At our law firm, we help the surviving loved ones of people who have passed away in the course of employment in death and dependent claims under Maryland’s Workers’ Compensation system. At a time of great grief and personal loss, the state Workers’ Compensation law provides for monetary support to help the survivors who had relied on the deceased worker for financial support.
Of course, certain professions are statistically and logically more dangerous than others and workers in those trades more at risk of death on the job. USA Today published a new article by 24/7 Wall Street that summarizes their review of federal statistics about work fatalities.
By the numbers
The article presents their conclusions about the top 25 most dangerous jobs based on fatalities. Here are the top 10:
- Pilots and flight engineers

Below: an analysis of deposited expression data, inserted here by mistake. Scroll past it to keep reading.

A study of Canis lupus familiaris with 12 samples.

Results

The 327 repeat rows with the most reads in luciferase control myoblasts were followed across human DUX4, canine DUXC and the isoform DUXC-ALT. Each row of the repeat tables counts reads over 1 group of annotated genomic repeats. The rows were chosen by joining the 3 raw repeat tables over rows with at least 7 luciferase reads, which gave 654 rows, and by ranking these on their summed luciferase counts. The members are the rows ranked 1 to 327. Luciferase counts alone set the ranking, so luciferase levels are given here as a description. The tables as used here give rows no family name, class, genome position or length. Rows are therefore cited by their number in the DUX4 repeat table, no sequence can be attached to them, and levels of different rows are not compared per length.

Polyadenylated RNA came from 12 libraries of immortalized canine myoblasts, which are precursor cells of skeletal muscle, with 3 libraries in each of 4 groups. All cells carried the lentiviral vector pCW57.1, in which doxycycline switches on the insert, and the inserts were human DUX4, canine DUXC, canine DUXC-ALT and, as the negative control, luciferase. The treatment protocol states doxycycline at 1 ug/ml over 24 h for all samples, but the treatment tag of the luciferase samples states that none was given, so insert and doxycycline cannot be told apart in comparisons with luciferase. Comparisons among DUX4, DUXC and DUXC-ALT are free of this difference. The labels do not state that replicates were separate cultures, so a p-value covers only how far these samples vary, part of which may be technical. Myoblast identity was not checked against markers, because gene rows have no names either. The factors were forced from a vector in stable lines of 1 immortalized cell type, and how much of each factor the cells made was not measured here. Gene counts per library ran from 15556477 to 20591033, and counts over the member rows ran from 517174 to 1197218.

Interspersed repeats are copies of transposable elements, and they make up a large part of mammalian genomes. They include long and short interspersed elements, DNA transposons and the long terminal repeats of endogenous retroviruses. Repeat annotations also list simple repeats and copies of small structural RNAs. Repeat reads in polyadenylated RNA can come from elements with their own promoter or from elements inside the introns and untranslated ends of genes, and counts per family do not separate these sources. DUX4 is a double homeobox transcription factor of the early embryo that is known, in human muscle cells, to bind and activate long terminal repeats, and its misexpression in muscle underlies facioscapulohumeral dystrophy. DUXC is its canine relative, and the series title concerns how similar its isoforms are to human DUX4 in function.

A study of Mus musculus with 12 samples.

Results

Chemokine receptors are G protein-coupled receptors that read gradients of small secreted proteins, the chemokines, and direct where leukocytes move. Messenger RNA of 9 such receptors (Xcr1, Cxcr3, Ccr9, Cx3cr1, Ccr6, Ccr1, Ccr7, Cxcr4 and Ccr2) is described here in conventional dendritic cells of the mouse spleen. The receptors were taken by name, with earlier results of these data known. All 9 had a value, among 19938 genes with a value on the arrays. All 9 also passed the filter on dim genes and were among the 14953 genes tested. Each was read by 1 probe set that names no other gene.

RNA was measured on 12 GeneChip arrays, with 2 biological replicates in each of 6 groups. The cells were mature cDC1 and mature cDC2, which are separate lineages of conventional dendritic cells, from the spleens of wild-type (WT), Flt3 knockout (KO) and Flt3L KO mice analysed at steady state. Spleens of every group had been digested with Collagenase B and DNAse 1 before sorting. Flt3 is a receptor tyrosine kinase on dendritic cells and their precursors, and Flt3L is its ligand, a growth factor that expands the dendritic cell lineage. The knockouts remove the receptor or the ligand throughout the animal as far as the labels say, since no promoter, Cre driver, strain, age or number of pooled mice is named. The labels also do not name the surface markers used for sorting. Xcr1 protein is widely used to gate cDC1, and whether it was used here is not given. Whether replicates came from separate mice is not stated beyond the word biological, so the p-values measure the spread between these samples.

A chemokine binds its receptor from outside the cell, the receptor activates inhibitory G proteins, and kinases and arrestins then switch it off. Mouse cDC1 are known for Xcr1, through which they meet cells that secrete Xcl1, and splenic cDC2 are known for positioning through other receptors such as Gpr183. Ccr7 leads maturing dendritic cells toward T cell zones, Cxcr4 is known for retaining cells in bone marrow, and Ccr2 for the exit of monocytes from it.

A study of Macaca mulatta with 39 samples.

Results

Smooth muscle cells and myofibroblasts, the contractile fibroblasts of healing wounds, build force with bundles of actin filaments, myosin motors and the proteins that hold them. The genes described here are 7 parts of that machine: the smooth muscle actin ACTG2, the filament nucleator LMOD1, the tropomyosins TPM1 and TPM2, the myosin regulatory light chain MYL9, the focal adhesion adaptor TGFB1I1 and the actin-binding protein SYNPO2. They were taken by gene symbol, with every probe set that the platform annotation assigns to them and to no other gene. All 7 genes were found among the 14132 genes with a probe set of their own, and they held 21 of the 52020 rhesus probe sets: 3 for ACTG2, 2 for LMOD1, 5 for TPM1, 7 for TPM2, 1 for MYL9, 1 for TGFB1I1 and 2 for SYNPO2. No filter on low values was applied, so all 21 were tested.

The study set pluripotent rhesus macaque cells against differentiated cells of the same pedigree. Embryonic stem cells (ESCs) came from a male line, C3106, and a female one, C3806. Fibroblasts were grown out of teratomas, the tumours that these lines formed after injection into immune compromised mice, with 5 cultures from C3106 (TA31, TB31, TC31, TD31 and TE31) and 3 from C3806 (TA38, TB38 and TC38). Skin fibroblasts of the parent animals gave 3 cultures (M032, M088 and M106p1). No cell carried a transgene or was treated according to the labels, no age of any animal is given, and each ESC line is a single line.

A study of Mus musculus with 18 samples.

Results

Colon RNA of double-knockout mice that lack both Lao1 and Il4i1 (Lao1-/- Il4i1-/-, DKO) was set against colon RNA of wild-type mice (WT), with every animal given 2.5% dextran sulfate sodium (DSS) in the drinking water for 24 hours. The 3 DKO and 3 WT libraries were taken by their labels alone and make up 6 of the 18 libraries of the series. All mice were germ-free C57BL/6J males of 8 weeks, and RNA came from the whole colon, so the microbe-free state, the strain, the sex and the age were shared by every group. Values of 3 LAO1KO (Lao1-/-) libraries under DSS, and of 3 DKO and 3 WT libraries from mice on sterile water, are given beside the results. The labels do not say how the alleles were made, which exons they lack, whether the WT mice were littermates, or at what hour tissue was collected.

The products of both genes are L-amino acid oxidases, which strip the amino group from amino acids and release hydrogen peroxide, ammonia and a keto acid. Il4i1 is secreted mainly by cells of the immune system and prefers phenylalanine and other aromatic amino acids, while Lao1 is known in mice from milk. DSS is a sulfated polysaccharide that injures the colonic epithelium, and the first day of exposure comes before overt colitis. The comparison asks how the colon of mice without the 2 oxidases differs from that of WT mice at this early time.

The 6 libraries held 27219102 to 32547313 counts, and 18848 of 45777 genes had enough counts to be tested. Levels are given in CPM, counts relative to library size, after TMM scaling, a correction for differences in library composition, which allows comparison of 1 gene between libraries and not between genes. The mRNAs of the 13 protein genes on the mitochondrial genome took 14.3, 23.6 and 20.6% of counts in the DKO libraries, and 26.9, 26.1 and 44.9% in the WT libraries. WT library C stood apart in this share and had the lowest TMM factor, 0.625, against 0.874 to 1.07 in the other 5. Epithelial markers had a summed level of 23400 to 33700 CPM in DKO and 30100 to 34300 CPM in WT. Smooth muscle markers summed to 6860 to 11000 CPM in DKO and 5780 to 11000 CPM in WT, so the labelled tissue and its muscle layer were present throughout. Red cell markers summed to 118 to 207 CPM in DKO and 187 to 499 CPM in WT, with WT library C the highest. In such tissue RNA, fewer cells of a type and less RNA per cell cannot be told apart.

- Garbage and recycling collectors
- Structural iron and steel workers
- Delivery drivers
- Farmers and ranchers
- On-site construction and mining supervisors
- Agricultural workers
According to the findings, most of the top jobs involve heavy equipment, dangerous substances or “potentially dangerous environments.” Across industries, certain kinds of incidents are highly represented in resulting fatalities:
- Motor vehicle accidents
- Slipping and falling
- Falling from heights
- Hazardous contact with work equipment
Seek legal guidance
Any Marylander whose loved one has died in a work-related incident, no matter who was at fault or whether fault can even be determined, should speak as soon as possible to an experienced Workers’ Compensation lawyer about filing an application for death or dependent benefits. These payments can help with the sudden interruption of the income of the deceased family member and funeral expenses.
If a death benefit application has been denied, an attorney can assist with seeking an appeal.